The Real Cost of Owning a Home
You’ve bought your first home, and you love it! You’ve painted the walls in bright colors, planted a tree, and adopted a large dog that most landlords would never allow.
Then, one day the kitchen faucet springs a leak and you come home to a small pond on the floor. Your first impulse may be to call the landlord, but then you remember—this is your home, and you are responsible for cleaning up the mess.
As all first-time homeowners quickly discover, the costs of owning a home go well beyond the monthly mortgage payment. Most of these costs are predictable and, with research and careful planning, you can be sure to buy a home you can truly afford—even with all the extra expenses.
Property taxes vary, but every state collects them. Two factors figure into the property taxes you pay:
- Tax rates. Many government entities such as states, cities, and school districts collect property taxes. The rates can fluctuate every year.
- The value of your home. The higher your home’s value, the higher your property taxes.
As you are working out how much you can spend on a house, be sure to consider whether your budget can accommodate increases in property taxes.
- Investigate whether tax rates in your area have increased over time. If they have, try to estimate how much these increases could add to your property taxes in the future.
- Consider how likely it is that homes in your area will increase in value and how much of that increase will be taxable. For owner-occupied homes, many taxing jurisdictions limit how much of a house’s increased value can be taxed, but value increases almost always lead to at least some increase in taxes.
On the upside, you can deduct property taxes from your federal income taxes.
Of all the costs associated with homeownership, repair expenses are the hardest to predict and plan for. These expenses may result from:
- Storms (hail, high winds, flooding, and other natural disasters)
- Water leaks
Although homeowners’ insurance covers many of these situations, it does not cover all natural disasters (many policies exclude flood and earthquake damage). And even when the policy covers the damage, you still have to meet the deductible and pay any expenses the policy doesn’t cover.
Maintenance needs are predictable, but costs can be difficult to estimate. These costs can include:
- Servicing HVAC systems—Heating, ventilation, and air-conditioning (HVAC) systems and other appliances such as water heaters, washers, dryers, and ovens require maintenance to keep them performing optimally. Most HVAC systems use filters that have to be replaced monthly. In addition, it’s a good idea to have HVAC systems serviced once a year to maintain optimal function and energy efficiency.
- Replacing major appliances—If any major appliances such as the refrigerator, oven, or washer and dryer are included in the house purchase, find out how old they are and how long they are likely to last so you can plan for replacing them in a timely manner.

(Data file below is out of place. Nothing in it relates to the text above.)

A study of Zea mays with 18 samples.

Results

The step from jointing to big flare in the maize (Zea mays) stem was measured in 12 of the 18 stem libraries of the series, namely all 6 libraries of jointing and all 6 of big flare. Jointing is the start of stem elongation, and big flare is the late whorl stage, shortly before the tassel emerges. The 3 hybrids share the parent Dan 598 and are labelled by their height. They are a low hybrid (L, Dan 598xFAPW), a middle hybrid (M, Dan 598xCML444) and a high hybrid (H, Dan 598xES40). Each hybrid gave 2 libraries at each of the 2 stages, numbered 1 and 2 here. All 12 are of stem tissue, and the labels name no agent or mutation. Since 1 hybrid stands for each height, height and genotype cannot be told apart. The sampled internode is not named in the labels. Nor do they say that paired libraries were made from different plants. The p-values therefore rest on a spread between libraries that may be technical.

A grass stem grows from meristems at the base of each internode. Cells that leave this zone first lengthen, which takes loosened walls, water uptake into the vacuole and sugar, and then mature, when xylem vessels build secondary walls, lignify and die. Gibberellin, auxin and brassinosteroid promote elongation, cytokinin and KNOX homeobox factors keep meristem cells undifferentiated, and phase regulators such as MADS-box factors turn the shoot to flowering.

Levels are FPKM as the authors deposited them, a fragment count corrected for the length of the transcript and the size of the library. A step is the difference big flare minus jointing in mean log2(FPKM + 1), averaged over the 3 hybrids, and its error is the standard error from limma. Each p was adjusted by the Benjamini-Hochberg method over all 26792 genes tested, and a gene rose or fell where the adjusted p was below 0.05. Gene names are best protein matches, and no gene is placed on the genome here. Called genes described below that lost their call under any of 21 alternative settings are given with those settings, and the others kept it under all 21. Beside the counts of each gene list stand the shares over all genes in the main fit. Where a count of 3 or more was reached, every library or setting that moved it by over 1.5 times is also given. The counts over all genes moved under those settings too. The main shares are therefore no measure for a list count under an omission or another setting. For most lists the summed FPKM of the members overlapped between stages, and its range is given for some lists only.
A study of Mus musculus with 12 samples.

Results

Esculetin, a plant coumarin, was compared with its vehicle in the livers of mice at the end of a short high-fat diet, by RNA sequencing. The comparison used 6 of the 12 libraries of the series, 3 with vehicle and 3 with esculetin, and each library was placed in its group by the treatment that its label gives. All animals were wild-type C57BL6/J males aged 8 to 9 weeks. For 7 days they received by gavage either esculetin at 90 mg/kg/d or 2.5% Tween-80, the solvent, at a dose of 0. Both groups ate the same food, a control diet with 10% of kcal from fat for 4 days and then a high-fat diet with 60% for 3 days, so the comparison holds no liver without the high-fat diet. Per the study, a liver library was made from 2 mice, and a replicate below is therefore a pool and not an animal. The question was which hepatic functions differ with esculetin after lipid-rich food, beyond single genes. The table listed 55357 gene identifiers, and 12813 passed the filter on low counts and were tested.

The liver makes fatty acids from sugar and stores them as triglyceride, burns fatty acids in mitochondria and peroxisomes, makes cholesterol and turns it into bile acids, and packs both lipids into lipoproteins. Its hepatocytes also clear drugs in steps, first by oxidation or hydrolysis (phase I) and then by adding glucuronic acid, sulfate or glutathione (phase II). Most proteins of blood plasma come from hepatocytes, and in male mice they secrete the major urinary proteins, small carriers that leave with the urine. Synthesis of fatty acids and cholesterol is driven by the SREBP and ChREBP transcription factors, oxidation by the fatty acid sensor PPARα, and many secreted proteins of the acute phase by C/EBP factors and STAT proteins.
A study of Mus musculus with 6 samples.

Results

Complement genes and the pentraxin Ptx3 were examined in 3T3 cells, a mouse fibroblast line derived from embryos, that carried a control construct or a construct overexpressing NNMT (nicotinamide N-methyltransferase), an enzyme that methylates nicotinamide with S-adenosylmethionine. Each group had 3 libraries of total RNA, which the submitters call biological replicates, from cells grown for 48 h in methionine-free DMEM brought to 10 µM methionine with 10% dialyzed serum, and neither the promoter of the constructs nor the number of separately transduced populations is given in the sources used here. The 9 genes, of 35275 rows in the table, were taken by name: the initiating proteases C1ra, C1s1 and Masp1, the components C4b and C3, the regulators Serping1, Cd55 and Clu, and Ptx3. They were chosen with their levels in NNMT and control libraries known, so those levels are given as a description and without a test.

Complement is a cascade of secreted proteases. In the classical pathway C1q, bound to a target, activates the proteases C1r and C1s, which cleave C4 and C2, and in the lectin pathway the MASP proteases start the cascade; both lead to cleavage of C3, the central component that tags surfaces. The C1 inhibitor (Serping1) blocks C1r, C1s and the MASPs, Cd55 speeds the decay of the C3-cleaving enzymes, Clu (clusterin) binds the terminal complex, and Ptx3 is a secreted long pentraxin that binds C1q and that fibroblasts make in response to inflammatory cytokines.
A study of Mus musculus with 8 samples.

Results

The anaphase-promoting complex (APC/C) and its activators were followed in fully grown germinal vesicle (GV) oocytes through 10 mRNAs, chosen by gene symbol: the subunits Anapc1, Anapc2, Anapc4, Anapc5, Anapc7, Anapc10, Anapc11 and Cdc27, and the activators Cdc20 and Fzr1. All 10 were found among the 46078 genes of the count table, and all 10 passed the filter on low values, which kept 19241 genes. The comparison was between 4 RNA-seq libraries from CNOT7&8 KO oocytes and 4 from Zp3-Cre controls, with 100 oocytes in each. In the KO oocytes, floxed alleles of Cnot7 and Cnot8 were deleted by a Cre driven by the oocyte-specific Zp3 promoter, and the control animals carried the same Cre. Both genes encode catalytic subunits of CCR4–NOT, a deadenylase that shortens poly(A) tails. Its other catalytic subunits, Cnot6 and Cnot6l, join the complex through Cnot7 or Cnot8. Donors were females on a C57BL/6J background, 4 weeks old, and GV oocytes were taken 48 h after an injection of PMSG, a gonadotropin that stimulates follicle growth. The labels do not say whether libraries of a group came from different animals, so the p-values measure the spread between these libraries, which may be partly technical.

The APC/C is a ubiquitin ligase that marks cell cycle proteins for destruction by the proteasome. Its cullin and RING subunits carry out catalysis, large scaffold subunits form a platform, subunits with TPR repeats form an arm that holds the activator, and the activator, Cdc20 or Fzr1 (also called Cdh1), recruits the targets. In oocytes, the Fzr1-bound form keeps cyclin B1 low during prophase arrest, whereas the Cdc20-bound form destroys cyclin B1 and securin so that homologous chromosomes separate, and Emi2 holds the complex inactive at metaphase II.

- Pest control—If you live in a region where termites and other destructive or unpleasant insects are common, you may find that contracting for regular pest control is a good idea.
- Yard care—Yard maintenance is not always optional. Many cities and subdivisions have ordinances that require you to keep grass and weeds below a certain height. You may need to invest in a mower or hire someone to keep your yard in decent shape.
- Roof replacement—Roofs wear out over time. If you’re considering buying a house, make sure you know how old the roof is and when it likely will need to be replaced.
Mortgage insurance—Buyers who pay less than a 20 percent down payment usually are required to purchase mortgage insurance (also known as private mortgage insurance or PMI), which protects the lender in case the borrower defaults.
- Mortgage insurance premiums vary between about 0.25 percent and 1.5 percent of the loan amount per year.
- Lenders often require you to pay mortgage insurance payments as part of your monthly escrow payments. Borrowers usually can cancel their mortgage insurance once they have paid off a certain amount of their loan—typically when their loan balance is 78 percent of the home’s sale price or current appraised value.
- Note that Federal Housing Administration (FHA) loans have unique terms including an upfront mortgage insurance premium of up to 1.75 percent and a requirement that the mortgage insurance remain for the life of the loan. For more details, visit the FHA website.
Homeowners’ insurance—As a condition of the loan, lenders almost always require borrowers to have homeowners’ insurance so that the lender can recoup the loan should the home be destroyed.
- Required or not, having homeowners’ insurance is a good idea—not only can it help a homeowner rebuild in case of fire or storm damage, but also it usually covers losses of personal property and provides liability coverage for accidents that occur in the home or on the property.
- Rates vary widely, and coverage can vary as well. The most common form of homeowners’ insurance does not cover losses due to earthquakes, floods, and termites. Before you buy a policy, make sure you understand what it does and does not cover.
Homeowners’ Association Fees
Almost all condominiums and some single-family homes in subdivisions charge homeowners’ association (HOA) fees.
- These fees typically cover maintenance and improvement of common areas, such as lobbies, building exteriors, garden areas, and pools.
- HOA fees should be clearly stated as part of a real estate listing. However, if you are thinking of buying a property that has an HOA fee, you may want to research the rules governing HOA increases and find out how often and how much the HOA has raised fees in the past.